You've Got Questions

Mercifully, after 14 practices spread out over the course of more than a month, West Virginia's Gold-Blue spring game is here -- and with it comes the chance to learn several things about this year's iteration of the Mountaineers.

Much as it was after WVU's 2006 Sugar Bowl win over Georgia and again after its 2008 Fiesta Bowl victory over Oklahoma, the hype machine has gone into overdrive surrounding the program this spring.

National media outlets -- ESPN.com, ESPN television, CBSSports.com and SI.com, namely -- have made the trek to Morgantown to get an in-person look at what this year's team is made of. WVU officials have bent over backwards to accommodate them and generate a considerable amount of generally positive press.

Reporters from each of those outlets have gotten the chance to watch full practices and spend extra time with coaches outside of what us mere local yokels have been allotted. Thus, for the vast majority of us, this will be our first real chance to see if all the hype is justified.

And make no mistake, there is plenty of hype. Lofty national rankings are expected in the preseason. Quarterback Geno Smith is on the radar of many when it comes to the Heisman Trophy. Head coach Dana Holgorsen has been trotted around to just about every television and radio show in the country, it seems.

But hype won't win a single game for the Mountaineers this fall.

What will?

Perhaps an improved offensive line, something both Holgorsen and position coach Bill Bedenbaugh have discussed extensively this spring. But with all due respect to both men, who know far more about football than this writer or any other who covers West Virginia, the words are somewhat empty until we see a bit of evidence.

Ditto for the team's new hybrid defense. What we know about it is entirely based on conversations with co-coordinators Joe DeForest and Keith Patterson: sometimes it's a 3-4. Sometimes it's a 4-3. All the time, it's supposed to be aggressive and pursue turnovers like mad.

And from what players and coaches have said, it has been reasonably simple to grasp -- allowing the defense to compete with the team's offense all spring. So perhaps it shouldn't look ugly or disjointed at all. The spring game, though, will show us how true or how hollow those words will ring.

It's a chance to see if Tavon Austin really is "a totally different guy" heading into his second year in this offense. It's a chance to see what the running back competition looks like, with Shawne Alston and Andrew Buie getting a chance to make an impression before Dustin Garrison returns this fall.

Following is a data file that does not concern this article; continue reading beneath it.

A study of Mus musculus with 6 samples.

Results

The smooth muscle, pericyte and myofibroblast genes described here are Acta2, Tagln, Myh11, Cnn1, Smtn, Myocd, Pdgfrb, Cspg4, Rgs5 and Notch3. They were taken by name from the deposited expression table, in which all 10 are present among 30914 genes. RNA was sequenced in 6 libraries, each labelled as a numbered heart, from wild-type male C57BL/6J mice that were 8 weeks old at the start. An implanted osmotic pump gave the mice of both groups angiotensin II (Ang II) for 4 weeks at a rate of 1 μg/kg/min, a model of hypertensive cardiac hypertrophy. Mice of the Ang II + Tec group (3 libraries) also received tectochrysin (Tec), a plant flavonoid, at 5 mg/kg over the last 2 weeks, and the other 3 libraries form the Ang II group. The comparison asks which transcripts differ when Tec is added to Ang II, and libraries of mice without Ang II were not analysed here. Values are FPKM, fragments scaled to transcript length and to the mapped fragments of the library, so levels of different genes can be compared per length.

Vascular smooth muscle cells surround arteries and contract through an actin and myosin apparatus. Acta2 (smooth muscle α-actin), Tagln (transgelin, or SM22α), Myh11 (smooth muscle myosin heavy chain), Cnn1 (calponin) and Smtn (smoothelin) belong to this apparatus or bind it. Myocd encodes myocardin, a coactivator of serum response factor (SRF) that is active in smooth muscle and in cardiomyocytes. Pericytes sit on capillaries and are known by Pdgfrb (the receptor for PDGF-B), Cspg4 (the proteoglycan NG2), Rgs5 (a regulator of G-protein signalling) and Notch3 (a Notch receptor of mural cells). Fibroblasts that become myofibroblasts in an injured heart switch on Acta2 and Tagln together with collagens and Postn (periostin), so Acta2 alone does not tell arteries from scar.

For the offense as a whole, it's time to show what it means to be in Dana Holgorsen's Offense, Version 2.0.

So much has been made about the improvement that should be evident from year one to year two under WVU's offensive mastermind of a head coach, but thus far, it's been nothing but words. Will we see uptempo play more than we did a season ago? Fewer communication problems? Better decisions? To put it simply, more points?

And for the program's proud fan base, it's a chance to show just how much excitement truly surrounds Mountaineer football this year. Holgorsen himself set the bar: he wants to see 30,000 people inside Milan Puskar Stadium for the game.

A forecast that, as of this writing, calls for temperatures in the mid-50s and the possibility of rain showers likely won't help hit that mark.

But West Virginia as a school, an athletic program -- heck, as a state -- has taken advantage of as many opportunities as possible to puff out its chest in an effort to show Big 12 brass that this place is a natural fit (geography notwithstanding) in its new league.

With Big 12 officials working the game and representatives from the conference's bowl partners reportedly scheduled to be in attendance, will Mountaineer fans show themselves to literally be "fair weather" in nature?

How much the answers to all of these questions matter is up for debate. After all, April is a long way from September, when the plays and the points actually matter -- and when we have far more evidence than one glorified scrimmage with which to make judgements about this team.

But for the first time since the Orange Bowl beatdown that led to so much of the program's hype this spring, observers can finally watch West Virginia play football. Perhaps, when it's all over, we'll finally be able to answer a few questions.